Rigdzin Shikpo grew up in Dalston in East London, and at an early age he took a keen interest in Buddhism, which he has now studied for over 65 years. As a young man, he previously worked as a physicist, mathematician and a computer consultant and practised for nine years under the instruction of Theravadin monks while becoming closely associated with the Buddhist Society in London.
In 1965, he met his root guru Chögyam Trungpa Rinpoche who was studying in Oxford at the time. Trungpa Rinpoche entrusted Rigdzin Shikpo at a very early stage with some of most profound Nyingma Dzogchen teachings and together they translated seminal Dzogchen texts and Sutras from Tibetan into English. Trungpa Rinpoche also encouraged him to take teachings and guidance from his own teacher HH Dilgo Khyentse Rinpoche. In 1975 Trungpa Rinpoche established the Longchen Foundation in consultation with HH Dilgo Khyentse Rinpoche, appointing Rigdzin Shikpo as spiritual director.
When Chögyam Trungpa left to teach in the United States, Rigdzin Shikpo continued to follow his instruction, from time to time travelling to America to see him to receive further teachings. Khyentse Rinpoche also told him to take further Dzogchen instruction from Khenpo Tsultrim Gyamtso Rinpoche, an eminent yogin and scholar who was also a student of HH Khyentse Rinpoche. Since the deaths of Trungpa Rinpoche and Khyentse Rinpoche, Khenpo Rinpoche has been Rigdzin Shikpo’s main source of guidance.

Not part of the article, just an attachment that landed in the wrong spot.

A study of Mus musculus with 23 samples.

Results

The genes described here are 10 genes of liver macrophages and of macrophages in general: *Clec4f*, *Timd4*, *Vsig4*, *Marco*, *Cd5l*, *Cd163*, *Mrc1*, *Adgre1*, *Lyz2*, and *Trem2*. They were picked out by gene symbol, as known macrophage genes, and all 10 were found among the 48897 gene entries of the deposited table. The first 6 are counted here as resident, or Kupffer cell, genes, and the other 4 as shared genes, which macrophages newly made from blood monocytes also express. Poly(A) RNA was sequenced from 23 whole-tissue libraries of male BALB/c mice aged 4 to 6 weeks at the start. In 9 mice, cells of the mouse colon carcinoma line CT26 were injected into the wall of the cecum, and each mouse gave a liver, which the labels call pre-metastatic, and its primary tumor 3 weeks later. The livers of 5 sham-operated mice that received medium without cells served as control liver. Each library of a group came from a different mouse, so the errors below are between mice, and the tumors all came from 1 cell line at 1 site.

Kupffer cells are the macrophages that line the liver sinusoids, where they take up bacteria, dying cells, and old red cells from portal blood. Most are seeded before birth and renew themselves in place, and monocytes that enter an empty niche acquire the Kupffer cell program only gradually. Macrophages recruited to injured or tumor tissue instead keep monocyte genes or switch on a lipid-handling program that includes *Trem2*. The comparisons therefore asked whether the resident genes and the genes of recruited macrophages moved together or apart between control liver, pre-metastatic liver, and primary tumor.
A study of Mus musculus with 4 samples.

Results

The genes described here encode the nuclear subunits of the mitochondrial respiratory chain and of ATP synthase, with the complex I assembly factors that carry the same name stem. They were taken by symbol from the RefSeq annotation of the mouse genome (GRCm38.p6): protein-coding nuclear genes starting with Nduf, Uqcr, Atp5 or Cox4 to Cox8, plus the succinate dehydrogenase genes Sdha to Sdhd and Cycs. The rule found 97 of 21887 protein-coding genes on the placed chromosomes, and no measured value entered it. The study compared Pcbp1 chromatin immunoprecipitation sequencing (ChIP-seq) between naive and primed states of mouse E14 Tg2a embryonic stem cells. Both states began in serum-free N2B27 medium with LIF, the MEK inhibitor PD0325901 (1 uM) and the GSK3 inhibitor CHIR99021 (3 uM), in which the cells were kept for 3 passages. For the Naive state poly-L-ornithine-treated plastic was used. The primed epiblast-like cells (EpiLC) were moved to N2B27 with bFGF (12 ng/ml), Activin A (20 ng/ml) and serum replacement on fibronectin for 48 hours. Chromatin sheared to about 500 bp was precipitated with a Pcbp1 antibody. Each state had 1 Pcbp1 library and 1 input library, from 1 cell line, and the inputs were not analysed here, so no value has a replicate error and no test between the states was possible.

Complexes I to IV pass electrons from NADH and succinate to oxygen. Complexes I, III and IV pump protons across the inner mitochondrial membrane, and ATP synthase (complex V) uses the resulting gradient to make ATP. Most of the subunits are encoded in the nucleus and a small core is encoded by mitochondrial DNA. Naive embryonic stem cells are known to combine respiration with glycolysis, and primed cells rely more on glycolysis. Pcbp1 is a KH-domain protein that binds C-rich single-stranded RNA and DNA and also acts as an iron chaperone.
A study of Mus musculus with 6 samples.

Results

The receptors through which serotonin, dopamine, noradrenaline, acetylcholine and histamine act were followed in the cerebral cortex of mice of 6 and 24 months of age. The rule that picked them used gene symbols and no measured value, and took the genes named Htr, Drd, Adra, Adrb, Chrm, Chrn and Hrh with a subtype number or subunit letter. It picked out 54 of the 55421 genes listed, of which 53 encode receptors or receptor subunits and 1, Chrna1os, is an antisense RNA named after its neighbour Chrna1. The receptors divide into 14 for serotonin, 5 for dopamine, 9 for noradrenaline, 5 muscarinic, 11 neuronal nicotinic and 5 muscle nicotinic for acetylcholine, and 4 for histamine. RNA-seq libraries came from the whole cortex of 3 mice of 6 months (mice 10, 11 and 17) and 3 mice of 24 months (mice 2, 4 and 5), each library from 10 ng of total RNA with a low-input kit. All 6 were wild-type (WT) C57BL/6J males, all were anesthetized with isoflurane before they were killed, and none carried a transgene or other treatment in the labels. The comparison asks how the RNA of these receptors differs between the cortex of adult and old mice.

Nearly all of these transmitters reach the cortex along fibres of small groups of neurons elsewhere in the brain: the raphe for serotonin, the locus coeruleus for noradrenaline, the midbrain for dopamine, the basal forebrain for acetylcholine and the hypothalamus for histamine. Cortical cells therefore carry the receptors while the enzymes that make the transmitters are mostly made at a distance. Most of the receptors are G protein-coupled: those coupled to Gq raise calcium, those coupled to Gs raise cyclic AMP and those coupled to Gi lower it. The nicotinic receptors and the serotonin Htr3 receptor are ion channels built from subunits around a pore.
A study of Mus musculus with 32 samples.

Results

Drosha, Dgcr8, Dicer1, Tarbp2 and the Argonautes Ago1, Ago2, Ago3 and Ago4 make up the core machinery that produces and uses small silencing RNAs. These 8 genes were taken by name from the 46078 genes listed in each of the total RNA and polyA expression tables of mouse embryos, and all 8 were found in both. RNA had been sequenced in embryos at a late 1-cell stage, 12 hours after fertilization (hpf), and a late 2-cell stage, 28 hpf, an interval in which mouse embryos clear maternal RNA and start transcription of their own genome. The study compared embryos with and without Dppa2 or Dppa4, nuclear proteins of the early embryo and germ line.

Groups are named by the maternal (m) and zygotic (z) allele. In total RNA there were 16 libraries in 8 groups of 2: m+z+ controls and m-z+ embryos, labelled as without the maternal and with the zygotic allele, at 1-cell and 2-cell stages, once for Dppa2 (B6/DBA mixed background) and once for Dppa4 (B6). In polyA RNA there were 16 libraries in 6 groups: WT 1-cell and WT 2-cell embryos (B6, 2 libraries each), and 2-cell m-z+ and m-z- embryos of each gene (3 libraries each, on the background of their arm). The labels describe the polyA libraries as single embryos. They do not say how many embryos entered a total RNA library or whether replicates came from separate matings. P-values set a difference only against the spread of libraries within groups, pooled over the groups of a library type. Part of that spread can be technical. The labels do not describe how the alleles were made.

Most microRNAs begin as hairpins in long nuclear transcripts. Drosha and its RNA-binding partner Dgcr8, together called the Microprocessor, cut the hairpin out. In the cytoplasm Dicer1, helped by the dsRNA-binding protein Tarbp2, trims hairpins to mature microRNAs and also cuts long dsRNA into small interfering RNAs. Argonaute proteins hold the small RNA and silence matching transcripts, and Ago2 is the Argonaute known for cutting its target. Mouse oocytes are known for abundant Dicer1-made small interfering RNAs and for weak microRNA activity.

In 1990, Rigdzin Shikpo went into a traditional three year retreat under the supervision of Khenpo Rinpoche in a semi-detached house in Marston, Oxford. On finishing his retreat in 1993, as a sign of his accomplishment, he was given the title ‘Rigdzin Shikpo’. ‘Rigdzin’ (Skt. vidyādhara, ) means ‘awareness holder’ and ‘Shikpo’ means ‘beyond concepts’. Rigdzin Shikpo teaches his students the whole of the path according to the lineage transmissions he received from his own teachers. They encouraged him to transmit the teachings according to his inspiration in response to the needs of his students.
Khenpo Rinpoche emphasises that the Longchen Foundation lineage is more than simply an organisation—it is a Buddhist school in its own right. It is the living embodiment of the Mahayana and Maha Ati (Dzogchen) teachings and as such has a particular significance for the expression of the Buddha’s teachings in the West.